As noted in our latest issue about tethered drones, the ability to power UAS from the ground exponentially increases flight times and allows the use of heavier sensor payloads. Tethering accomplishes this at the cost of range, however: generally 200-400’ with commercially available tethering systems.
What if a system had the advantages of tethering and a range that could be extended to miles?
Enter power beaming. LaserMotive is a Seattle-based company developing wireless power-delivery systems using laser beams to transmit electricity sans wires. One of the firm’s directions is to create a laser-powered system for the UAS market. In 2012, the company demonstrated laser power-beaming indoors for 48 hours on Lockheed Martin Skunk Works Stalker small UAS, a duration of 24 times the unit’s OEM battery life. The company has a white paper on their website (PDF) that details how laser power can be used for powering UAS.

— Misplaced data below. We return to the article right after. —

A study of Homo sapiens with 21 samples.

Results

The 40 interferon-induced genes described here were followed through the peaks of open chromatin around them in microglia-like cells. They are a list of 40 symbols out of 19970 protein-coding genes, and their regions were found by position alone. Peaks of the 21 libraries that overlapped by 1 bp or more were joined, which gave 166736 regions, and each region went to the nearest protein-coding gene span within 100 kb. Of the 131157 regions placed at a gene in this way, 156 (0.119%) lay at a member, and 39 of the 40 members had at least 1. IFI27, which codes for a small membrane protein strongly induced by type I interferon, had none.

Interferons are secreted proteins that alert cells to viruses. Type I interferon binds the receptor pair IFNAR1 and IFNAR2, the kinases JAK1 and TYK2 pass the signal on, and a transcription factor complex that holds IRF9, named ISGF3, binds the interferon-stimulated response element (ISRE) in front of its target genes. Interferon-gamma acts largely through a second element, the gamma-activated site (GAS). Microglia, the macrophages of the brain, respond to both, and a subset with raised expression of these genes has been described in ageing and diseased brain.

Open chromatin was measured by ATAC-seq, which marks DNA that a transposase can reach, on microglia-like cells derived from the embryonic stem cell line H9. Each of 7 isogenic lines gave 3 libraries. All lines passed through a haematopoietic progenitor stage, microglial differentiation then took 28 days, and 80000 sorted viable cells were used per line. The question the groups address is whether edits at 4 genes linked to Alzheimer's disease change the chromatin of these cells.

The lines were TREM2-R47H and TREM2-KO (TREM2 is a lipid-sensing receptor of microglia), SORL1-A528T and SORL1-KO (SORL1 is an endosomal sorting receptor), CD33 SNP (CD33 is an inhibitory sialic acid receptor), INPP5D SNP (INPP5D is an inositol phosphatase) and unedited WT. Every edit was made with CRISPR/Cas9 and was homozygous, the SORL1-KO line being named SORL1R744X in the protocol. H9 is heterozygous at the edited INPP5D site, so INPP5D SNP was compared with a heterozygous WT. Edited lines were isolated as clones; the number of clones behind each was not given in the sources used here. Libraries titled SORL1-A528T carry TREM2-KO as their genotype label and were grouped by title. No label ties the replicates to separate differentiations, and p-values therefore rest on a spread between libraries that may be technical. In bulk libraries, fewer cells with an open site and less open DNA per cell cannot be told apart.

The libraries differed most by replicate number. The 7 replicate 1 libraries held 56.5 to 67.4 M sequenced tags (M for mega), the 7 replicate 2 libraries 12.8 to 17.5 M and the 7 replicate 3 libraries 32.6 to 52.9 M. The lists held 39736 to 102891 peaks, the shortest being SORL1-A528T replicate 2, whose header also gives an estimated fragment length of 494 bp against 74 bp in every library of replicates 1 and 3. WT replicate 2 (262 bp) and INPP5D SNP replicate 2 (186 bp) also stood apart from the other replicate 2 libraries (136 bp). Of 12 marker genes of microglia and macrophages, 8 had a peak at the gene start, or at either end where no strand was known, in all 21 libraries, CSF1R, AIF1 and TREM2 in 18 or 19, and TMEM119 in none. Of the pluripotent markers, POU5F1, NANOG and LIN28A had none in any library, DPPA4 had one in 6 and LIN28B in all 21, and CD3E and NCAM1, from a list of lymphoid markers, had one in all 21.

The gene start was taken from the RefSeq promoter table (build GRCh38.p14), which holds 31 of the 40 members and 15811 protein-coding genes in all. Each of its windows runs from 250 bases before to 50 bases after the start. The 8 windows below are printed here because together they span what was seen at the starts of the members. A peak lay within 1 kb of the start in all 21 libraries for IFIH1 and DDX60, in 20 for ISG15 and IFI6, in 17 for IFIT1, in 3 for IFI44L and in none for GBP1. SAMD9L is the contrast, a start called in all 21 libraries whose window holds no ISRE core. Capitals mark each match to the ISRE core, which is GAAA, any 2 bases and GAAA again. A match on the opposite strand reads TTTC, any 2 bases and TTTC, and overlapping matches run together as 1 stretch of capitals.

A schematic of LaserMotive’s system is above. In operation, a laser-powered UAS could operate in three modes:
- As a stationary, long-duration observational platform; this could even enable UAS to become (regulations permitting) high-altitude pseudo sats (HAPS).
- As an extended duration mission that could go beyond the range of the laser, then circle back to line of sight for re-charging in-flight. This would, of course, entail that the UAS be equipped with a battery.
- Unlimited duration dynamic missions, as long as the UAS is within line of sight of the ground-based laser power supply, approximately 10 miles at an altitude of 1 mile.
LaserMotive is not just another flashinthe pan. Founded in 2007, the firm quickly went on to win the $900,000 NASA Power Beaming Challenge in 2009. In April of this year, LaserMotive raised more than $1.5 million in an equity offering. Looks like a company and a technology to watch!